Research focussed on the feeding areas of cetaceans, primarily blue whales and humpback whales, to better understand factors affecting their numbers and distribution. Work was also undertaken in the Ross Sea Slope area to explore any ecosystem effects of commercial toothfish fishing.

Whales were located using underwater listening technology called 'passive acoustics' and visual observations. Observations of prey species were also made using multifrequency echosounders onboard Tangaroa, along with mesopelagic (midwater) and demersal (seabed) trawling.

Special equipment was installed in Terra Nova Bay to record the winter spawning activities of Antarctic silverfish - a key species in the Antarctic marine foodweb.

Throughout the voyage, continuous measurements of atmosphere and ocean were made - contributing vital data to the global drive for improved weather forecasts and climate change predictions.  This voyage arrived back in Wellington on 11th March 2015. 

Read the media release from the conclusion of the voyage

View an album of videos from the voyage 

Voyage overview

Read details about the aims of the voyage and find information about the scientists and crew on board.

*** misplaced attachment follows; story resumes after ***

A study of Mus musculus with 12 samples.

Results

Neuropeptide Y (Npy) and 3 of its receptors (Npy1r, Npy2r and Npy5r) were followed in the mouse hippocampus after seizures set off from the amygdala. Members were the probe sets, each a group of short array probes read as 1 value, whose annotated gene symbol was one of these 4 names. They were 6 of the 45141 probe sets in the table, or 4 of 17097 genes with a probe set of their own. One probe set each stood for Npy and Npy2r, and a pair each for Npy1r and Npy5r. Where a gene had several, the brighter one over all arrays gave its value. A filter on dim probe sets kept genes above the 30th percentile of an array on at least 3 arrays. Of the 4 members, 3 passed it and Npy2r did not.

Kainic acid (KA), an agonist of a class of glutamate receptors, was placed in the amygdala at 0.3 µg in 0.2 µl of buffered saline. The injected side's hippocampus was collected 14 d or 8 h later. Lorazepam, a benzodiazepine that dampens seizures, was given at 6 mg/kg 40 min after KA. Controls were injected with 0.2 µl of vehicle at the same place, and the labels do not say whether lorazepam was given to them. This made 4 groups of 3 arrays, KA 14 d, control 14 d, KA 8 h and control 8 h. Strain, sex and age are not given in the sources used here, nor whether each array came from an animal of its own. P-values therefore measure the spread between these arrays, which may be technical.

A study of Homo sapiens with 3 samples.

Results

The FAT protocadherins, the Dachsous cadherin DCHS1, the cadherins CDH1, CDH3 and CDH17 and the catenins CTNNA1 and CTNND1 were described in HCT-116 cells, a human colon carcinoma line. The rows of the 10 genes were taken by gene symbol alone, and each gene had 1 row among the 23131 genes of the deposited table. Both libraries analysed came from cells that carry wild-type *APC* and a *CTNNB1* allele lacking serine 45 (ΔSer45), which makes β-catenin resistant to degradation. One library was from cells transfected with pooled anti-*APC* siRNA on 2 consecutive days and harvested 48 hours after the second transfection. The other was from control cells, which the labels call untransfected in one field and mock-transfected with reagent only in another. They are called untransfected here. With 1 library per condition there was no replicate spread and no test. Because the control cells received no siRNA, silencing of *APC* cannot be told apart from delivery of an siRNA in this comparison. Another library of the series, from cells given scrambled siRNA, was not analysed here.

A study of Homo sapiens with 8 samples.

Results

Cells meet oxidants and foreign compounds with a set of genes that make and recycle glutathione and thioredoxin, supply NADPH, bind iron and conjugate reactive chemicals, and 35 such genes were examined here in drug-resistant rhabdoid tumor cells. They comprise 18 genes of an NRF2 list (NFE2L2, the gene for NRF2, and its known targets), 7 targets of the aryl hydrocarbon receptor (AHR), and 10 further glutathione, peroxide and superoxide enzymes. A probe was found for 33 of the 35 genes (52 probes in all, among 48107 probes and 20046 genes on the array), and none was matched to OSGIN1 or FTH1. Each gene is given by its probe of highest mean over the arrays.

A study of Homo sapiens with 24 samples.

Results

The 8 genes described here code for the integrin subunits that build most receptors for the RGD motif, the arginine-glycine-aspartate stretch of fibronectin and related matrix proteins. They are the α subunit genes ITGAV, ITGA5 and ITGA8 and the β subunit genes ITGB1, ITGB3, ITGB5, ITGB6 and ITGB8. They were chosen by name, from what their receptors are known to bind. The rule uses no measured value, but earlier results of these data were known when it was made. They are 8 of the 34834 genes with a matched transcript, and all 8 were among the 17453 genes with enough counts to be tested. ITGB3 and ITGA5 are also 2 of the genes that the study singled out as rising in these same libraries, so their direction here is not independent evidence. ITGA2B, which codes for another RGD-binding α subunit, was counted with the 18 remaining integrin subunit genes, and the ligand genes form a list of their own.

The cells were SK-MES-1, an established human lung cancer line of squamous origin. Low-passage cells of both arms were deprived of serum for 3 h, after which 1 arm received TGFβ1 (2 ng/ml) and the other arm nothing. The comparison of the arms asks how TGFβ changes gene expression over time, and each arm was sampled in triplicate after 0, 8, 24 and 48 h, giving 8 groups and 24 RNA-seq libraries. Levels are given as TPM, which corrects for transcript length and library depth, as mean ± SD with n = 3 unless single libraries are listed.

The science

Read about the science that will be undertaken during the voyage.

News about the Antarctic voyage

Access information about the voyage, news releases, key contacts and dates, images and videos.

About RV Tangaroa

New Zealand's only ice-strengthened, deepwater research vessel.

Image gallery

A selection of images relating to the New Zealand-Australia Antarctic Ecosystems Voyage. We will be adding images from the voyage as they are sent back from the vessel.

Partners and funding

Read about our key partnerships and funding for this voyage.

Latest Antarctica news

Nameless nodes get new look from NIWA

At the bottom of the Southern Ocean, near Cape Adare in East Antarctica, lies an undersea ridge which until this month was only known by its co-ordinates: -71.2132 latitude, 172.1649 longitude.

New ocean data from under the world’s biggest ice shelf

New measurements from the ocean under the centre of the Ross Ice Shelf have significantly improved our understanding of the complex processes that drive melting in Antarctica.